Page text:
MONTREAL - Game 7s were a hot topic this week, and a player who was in a truly memorable do-or-die contest was Boston Bruins backup goaltender Alex Auld.

Auld played for a very good Vancouver Canucks team that lost to Calgary in overtime in Game 7 of their first-round NHL playoff series in 2004. The Flames went on to lose the Stanley Cup final in seven games to the Tampa Bay Lightning.

The night before the loss to the Flames, the Canucks had forced the winner-take-all game with a 5-4 win in Calgary. Vancouver blew a 4-0 lead but Brendan Morrison ended up winning it for the Canucks at 2:28 of the third overtime period.

Back in Vancouver for Game 7, Matt Cooke scored with five seconds left in regulation time to tie it 2-2, but the Flames' Martin Gelinas poked a rebound past Auld on the power play 1:25 into overtime.

"It was exciting, obviously a tough loss," Auld recalled Monday, hours before the Bruins were to face the Montreal Canadiens in Game 7 of their Eastern Conference quarter-final series. "It was emotional because we came back to tie it in the last seconds and we were still killing a penalty when they scored right at the end of the penalty.

"It's tough to lose early to a team and then watch them go all the way and then lose in Game 7 of the final. It shows you how close any team is. They had such a great run after that. There's a couple of guys on our team (Andrew Ference and Chuck Kobasew) who played on that team and we still talk about it."

Auld is now the backup goalie to Bruins starter Tim Thomas, a 34-year-old who is in his first NHL playoff series. Montreal goalies Carey Price and Jaroslav Halak are rookies, so before the series started, Auld had the most playoff experience among any of them with his four games in 2004.

But he didn't try to share his Game 7 experience with Thomas.

"The last thing you want to do is get in his head - we (goalies) are weird enough as it is," he said.

He learned to cherish Game 7 intensity from that game, however.

"The big difference (is) that both teams are up against the ropes," he said. "In a Game 6, only one team is facing elimination.

"Both teams have that desperation. It's the best thing. You fight so hard for six games and then it goes down to one game. It shows how hard fought it is, how close the league can be. All the tempers and emotions of a long series and all of a sudden its down to one game. It's great."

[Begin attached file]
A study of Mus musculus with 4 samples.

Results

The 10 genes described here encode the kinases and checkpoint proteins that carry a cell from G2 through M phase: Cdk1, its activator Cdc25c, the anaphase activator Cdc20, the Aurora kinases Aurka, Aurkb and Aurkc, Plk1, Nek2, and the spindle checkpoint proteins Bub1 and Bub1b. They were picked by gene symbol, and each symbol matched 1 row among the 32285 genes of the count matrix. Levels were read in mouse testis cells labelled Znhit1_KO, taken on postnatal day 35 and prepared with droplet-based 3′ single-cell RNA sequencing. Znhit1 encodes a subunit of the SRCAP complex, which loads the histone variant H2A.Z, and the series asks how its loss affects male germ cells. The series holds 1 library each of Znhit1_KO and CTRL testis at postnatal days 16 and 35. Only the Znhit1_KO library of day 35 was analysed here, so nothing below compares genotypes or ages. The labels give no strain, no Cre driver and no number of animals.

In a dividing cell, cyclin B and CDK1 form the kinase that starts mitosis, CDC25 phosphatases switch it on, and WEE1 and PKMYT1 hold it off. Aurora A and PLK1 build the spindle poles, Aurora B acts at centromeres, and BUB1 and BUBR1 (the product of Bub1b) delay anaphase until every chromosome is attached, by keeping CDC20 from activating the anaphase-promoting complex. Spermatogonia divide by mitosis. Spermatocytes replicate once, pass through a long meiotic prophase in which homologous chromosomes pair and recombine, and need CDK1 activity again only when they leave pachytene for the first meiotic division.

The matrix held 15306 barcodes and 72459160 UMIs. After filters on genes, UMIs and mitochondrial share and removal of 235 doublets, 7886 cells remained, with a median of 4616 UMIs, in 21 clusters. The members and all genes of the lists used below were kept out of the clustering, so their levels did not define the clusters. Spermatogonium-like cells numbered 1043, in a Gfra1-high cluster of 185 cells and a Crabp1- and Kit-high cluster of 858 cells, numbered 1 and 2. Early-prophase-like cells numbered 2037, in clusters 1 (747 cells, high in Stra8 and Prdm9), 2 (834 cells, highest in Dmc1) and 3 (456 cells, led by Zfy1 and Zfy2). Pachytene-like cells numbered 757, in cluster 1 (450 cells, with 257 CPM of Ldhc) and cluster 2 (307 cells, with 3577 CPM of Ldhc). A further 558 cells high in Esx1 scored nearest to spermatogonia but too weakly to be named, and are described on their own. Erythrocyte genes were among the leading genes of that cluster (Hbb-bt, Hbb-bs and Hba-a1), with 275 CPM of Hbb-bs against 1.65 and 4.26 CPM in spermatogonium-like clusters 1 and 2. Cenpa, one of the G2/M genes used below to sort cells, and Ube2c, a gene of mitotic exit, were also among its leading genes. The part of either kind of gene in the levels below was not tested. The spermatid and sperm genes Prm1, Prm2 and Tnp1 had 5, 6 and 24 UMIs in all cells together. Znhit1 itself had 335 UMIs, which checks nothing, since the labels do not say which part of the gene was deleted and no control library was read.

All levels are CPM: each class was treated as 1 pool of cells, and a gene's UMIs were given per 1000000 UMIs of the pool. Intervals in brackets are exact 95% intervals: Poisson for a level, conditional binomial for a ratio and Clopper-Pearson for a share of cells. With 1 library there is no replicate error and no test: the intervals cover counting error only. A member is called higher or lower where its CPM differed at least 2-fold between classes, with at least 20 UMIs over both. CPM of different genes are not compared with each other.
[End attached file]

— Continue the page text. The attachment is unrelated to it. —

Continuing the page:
Nearly every player has either been in a Game 7 or played in a world championship or an Olympics in a win-or-go-home situation.

Canadiens defenceman Mark Streit recalled winning a Game 7 with HC Zurich against rival Lugano in the Swiss League playoffs in 2001.

"We were down 3-1 in the series and we came back," said Streit. "The guy in the other net was (former Canadien) Cristobal Huet and we won in overtime.

"It was pretty sweet."

Streit is captain of the Swiss national team and has been to 10 world championships and two Olympic Games.

"In the Olympics or world championships, when you play with Switzerland you have Game 7s all the way," he said. "It doesn't matter who you're playing, there's always huge pressure.

"At the beginning of the tournament, you might lose to a team like Germany or Belarus or whatever and you could be (dropped to) the B pool. I've faced those situations before."

Streit's teammate Mathieu Dandenault played in a dandy in 2002 while with Detroit. Colorado's Patrick Roy shut out the Red Wings 2-0 in Game 6 in Denver, but Detroit returned home two nights later and pasted Roy and the Avalanche 7-0 in the deciding game.

"I remember it was really quiet in the room before the game, but you could just feel that guys were ready," said Dandenault, whose team went on to win its third Stanley Cup in a six-year span. "You can't really describe it, but everyone was ready and we came out firing.

"That was probably the best game I was ever involved in, team-wise. I mean, 7-0 against Colorado and Patrick Roy. That was a pretty special moment."

Boston forward Glen Murray was a youngster, but he scored a goal in the first of his six career Game 7s in the second round against Buffalo in 1994.

"My first against Buffalo at the old Boston Garden was pretty memorable," said Murray. "I was (Milan) Lucic's age, and coming in at 19 years old and playing a Game 7 was pretty exciting.

"Each playoff game is big on its own, but everyone knows Game 7 is special. You just want to get it started, to get your first shift going."